I wish I could make a legitimate living as a writer. I tell myself that if I could, then important people in my life would recognize the value of the time I spend in devotion to my craft. I tell myself I would bring value to my family as a financial contributor, and my domestic deficiencies, as well as my aversion to authority (which makes it incredibly difficult for me to survive in the traditional workplace) would be of little consequence. I would earn appreciation, I would secure financial autonomy, and my domestic proficiency (or lack of) would carry less weight.

Photo by Mathieu Turle on Unsplash

While I am confident that the work I produce is worthy of attention, the manifest reality is that the clatter of consumptive competition and the charisma of pop marketing greatly reduces my real chances of discovery. Herein is the sacrifice of the artist: with full knowledge that my chances of commercial success are slim, at best, I persist. My work will likely never receive the validation I genuinely believe it deserves; nevertheless, I work. I create. I produce. I publish. I post.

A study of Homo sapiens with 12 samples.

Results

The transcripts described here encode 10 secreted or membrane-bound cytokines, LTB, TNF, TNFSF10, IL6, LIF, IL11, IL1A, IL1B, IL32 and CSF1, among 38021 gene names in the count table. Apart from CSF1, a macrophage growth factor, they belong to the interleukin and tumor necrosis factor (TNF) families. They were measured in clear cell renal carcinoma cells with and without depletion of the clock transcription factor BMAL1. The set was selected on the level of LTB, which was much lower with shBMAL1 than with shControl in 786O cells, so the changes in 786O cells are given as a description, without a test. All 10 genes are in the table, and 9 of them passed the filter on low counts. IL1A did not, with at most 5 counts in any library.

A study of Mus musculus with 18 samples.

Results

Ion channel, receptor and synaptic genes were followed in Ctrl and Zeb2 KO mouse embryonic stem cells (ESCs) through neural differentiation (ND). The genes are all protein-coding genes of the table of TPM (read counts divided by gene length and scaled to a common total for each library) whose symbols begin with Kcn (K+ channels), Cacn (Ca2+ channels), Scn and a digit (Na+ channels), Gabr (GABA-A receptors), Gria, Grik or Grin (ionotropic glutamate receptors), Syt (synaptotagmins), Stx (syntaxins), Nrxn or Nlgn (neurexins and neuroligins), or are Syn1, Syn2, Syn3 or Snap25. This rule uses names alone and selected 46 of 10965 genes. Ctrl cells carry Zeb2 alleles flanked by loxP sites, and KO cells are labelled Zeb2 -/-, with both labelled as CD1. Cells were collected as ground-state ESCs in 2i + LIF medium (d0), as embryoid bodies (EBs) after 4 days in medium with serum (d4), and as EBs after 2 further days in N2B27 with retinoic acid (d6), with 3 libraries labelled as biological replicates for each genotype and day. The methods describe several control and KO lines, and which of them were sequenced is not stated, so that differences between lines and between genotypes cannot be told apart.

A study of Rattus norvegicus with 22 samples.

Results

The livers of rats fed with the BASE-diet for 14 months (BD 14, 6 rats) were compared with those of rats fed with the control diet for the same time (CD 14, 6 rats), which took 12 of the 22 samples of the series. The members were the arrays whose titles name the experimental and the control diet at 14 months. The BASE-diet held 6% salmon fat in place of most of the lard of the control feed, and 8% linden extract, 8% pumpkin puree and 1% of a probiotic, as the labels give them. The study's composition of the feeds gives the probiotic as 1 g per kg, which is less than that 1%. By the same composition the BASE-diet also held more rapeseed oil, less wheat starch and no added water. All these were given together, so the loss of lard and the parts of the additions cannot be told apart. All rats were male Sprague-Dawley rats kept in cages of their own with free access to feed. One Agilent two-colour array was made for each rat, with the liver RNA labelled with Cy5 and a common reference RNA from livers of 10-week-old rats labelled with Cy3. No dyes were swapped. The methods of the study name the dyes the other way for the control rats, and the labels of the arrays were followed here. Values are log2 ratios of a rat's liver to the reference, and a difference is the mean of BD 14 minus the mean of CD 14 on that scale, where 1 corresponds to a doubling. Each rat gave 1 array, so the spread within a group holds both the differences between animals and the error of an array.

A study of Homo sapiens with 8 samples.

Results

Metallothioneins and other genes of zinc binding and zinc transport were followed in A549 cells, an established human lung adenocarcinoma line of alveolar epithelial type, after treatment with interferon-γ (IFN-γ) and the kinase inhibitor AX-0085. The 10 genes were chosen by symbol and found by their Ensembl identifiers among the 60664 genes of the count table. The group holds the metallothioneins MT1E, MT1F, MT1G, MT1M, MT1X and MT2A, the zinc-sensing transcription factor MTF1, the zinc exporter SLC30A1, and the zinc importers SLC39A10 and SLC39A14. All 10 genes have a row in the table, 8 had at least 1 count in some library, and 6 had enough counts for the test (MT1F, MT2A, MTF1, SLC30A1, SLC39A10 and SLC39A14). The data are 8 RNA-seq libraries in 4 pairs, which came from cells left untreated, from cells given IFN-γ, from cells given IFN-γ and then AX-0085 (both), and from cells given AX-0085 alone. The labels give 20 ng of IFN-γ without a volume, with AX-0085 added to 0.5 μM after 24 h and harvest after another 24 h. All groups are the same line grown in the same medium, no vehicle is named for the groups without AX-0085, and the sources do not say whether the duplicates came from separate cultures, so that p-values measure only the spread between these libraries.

I must.

Photo by Chris Ensey on Unsplash

Otherwise, I will wither, and if I wither, so will my precious family.

The value of my work may be invisible to the world around me. I, alone, regard the priceless nature of what it is that I do. It is the foundation girding us. I cannot give up. The import of the work may be concealed to all but myself, yet to abandon the task is to consign my world (my family) to internal collapse. It is an excruciating burden to bear in solitude. However, I am resolved. The merit of my effort may never tangibly materialize, but I know its depths. I know its vitality.

And so I persist.

About Author

Standing ground for desire through self-study of philosophy and psychoanalysis, self-reflection, and creative sublimation through the work of literary fiction.